Length of Unemployment Benefits in Pennsylvania

by Michaele Curtis; Updated September 26, 2017

One of first questions a Pennsylvania unemployment claimant usually has is how long he can legally receive unemployment benefits. Like every other state department that deals with unemployment in the U.S., the Pennsylvania Department of Labor and Industry (PDLI) sets guidelines to determine how long you can collect. Unemployment benefits are a temporary way to pay basic living expenses while you look for new work. The guidelines are a way for the state to ensure that no one collects the payments indefinitely.

State Maximum

Pennsylvania state law sets the absolute maximum length of time you can receive state unemployment benefits at 26 weeks. However, some claimants won’t qualify for 26 weeks of unemployment payments because of the wages earned in their base years. Your base year is the first four of the last five complete calendar quarters before you applied for unemployment. During those 12 months, you earn a credit week for each week you earned $50 or more in employment wages. If you have less than 16 credit weeks, you’re not eligible for Pennsylvania unemployment benefits. If you have 16 or 17 credit weeks, you can only collect up to 16 weeks of unemployment benefits. If you have more than 17 credit weeks, you can collect up to 26 weeks.

Continued Eligibility

Although the state maximum guidelines cap your unemployment benefits, how you long you can collect payments ultimately depends on how long you remain eligible. To collect benefits, you must be ready, willing and able to work. This means that you have the physical and mental abilities to work for a living. You must also continue to actively search for employment while collecting Pennsylvania benefits. The PDLI may even ask you to present a log of your job search to prove you’ve been looking. Every two weeks, you must certify your unemployment claim through the telephone or online system. You’ll answer questions about your job search and whether you’ve turned down any work opportunities. Even if you initially qualify for the state's maximum payments, you can’t receive them unless you certify your unemployment claim on the telephone or online every two weeks.

Off and On

In some situations, you may find yourself leaving unemployment because you found work. If you lose that job through no fault of your own, you can go back on unemployment. The state maximums may still apply depending on if you’re still in your original benefit year. The benefit year is the 52 weeks that follow your initial unemployment claim. During that year, you are limited to your initial eligibility requirements, including credit weeks. That means that if you collect unemployment for six months, find a job and then lose it again within a month, you’ve used up your Pennsylvania state benefits for the year. However, if you’d only used four months of payments, you’d have another two months eligibility. On the other hand, if the initial benefit year has passed, your maximum weeks cap will start again.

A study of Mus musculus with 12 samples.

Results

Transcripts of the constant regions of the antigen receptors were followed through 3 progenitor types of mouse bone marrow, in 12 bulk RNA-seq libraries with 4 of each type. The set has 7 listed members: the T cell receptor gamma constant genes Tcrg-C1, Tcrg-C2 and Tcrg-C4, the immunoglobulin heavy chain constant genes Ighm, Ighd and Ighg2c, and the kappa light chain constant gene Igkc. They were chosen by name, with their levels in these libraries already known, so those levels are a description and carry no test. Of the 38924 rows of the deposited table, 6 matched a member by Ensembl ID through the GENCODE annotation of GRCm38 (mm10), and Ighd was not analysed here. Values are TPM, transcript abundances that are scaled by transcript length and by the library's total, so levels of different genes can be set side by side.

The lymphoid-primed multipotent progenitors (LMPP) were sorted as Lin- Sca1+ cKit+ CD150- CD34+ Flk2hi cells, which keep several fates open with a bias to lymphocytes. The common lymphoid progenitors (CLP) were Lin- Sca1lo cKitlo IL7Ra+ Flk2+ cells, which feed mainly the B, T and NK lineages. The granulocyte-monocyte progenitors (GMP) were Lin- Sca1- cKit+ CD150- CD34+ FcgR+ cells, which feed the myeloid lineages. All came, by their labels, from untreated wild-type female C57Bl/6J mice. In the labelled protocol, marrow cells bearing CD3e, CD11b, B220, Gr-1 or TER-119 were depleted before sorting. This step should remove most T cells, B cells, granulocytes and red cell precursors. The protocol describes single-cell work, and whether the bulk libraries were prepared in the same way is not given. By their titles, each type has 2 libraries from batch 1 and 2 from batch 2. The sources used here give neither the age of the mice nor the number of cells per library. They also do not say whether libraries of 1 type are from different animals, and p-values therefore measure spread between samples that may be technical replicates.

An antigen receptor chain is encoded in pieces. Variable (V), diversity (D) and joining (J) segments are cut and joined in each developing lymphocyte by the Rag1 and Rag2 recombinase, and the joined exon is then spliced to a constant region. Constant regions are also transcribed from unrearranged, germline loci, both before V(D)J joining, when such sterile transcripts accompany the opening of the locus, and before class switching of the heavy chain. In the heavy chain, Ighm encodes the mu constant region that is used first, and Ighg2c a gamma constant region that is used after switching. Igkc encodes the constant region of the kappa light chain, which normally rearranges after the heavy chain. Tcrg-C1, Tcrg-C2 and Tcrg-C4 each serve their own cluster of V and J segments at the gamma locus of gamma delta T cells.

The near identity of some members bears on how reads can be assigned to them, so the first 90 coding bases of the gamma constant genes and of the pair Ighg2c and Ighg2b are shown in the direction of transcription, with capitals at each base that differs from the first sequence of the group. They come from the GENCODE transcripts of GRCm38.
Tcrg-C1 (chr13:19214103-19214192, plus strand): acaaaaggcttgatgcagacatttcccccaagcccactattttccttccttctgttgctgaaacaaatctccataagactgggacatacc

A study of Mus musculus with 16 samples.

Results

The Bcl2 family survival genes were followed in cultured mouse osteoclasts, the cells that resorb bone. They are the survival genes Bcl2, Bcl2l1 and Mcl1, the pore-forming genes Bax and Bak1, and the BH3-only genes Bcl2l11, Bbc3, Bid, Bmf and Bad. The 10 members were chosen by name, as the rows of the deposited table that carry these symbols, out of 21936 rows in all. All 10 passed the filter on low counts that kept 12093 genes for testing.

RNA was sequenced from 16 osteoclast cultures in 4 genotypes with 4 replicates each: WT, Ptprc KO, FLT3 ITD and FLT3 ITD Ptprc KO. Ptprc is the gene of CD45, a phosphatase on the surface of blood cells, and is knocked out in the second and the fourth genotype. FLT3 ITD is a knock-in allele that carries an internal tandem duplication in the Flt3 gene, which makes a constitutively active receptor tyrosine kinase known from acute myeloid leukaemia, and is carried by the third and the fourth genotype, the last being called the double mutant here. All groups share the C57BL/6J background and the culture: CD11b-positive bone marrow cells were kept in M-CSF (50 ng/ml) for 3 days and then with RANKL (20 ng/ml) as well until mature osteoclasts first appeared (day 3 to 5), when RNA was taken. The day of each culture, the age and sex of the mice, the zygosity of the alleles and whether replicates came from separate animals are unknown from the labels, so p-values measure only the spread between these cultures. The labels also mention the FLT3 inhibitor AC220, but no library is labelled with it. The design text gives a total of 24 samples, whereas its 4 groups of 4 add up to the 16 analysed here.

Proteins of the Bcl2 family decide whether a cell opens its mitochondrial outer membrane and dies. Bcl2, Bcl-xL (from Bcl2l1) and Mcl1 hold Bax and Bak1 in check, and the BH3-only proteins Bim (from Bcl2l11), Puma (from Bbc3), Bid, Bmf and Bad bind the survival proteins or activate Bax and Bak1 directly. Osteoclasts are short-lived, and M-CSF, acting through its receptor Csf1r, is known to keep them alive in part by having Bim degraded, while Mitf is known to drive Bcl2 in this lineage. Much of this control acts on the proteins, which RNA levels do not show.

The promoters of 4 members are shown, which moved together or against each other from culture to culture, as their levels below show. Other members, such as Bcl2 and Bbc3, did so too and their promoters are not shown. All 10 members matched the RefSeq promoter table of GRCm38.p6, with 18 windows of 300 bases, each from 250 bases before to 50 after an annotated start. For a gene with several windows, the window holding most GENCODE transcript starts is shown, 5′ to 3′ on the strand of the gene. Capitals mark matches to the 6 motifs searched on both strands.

Federal Emergency Benefits

When the U.S. federal government enacts federal unemployment extensions, it gives money to the states to distribute to their citizens in addition to the normal unemployment benefits paid by employer’s premiums. Congress often enacts these extensions during periods of high unemployment across the country. The benefits, although administered by the states, are separate from your state benefits. So you can reach your maximum payments from Pennsylvania, and receive a notice of determination telling you that you’re eligible to receive federal extensions. How long you can collect those federal benefits depends on current federal law and the number of credit weeks you have. The PDLI offers a chart online to help you calculate your eligibility and limits (see Resource section).

About the Author

Michaele Curtis began writing professionally in 2001. As a freelance writer for the Centers for Disease Control, Nationwide Insurance and AT&T Interactive, her work has appeared in "Insurance Today," "Mobiles and PDAs" and "Curve Magazine." Curtis holds a Bachelor of Arts in communication from Louisiana State University.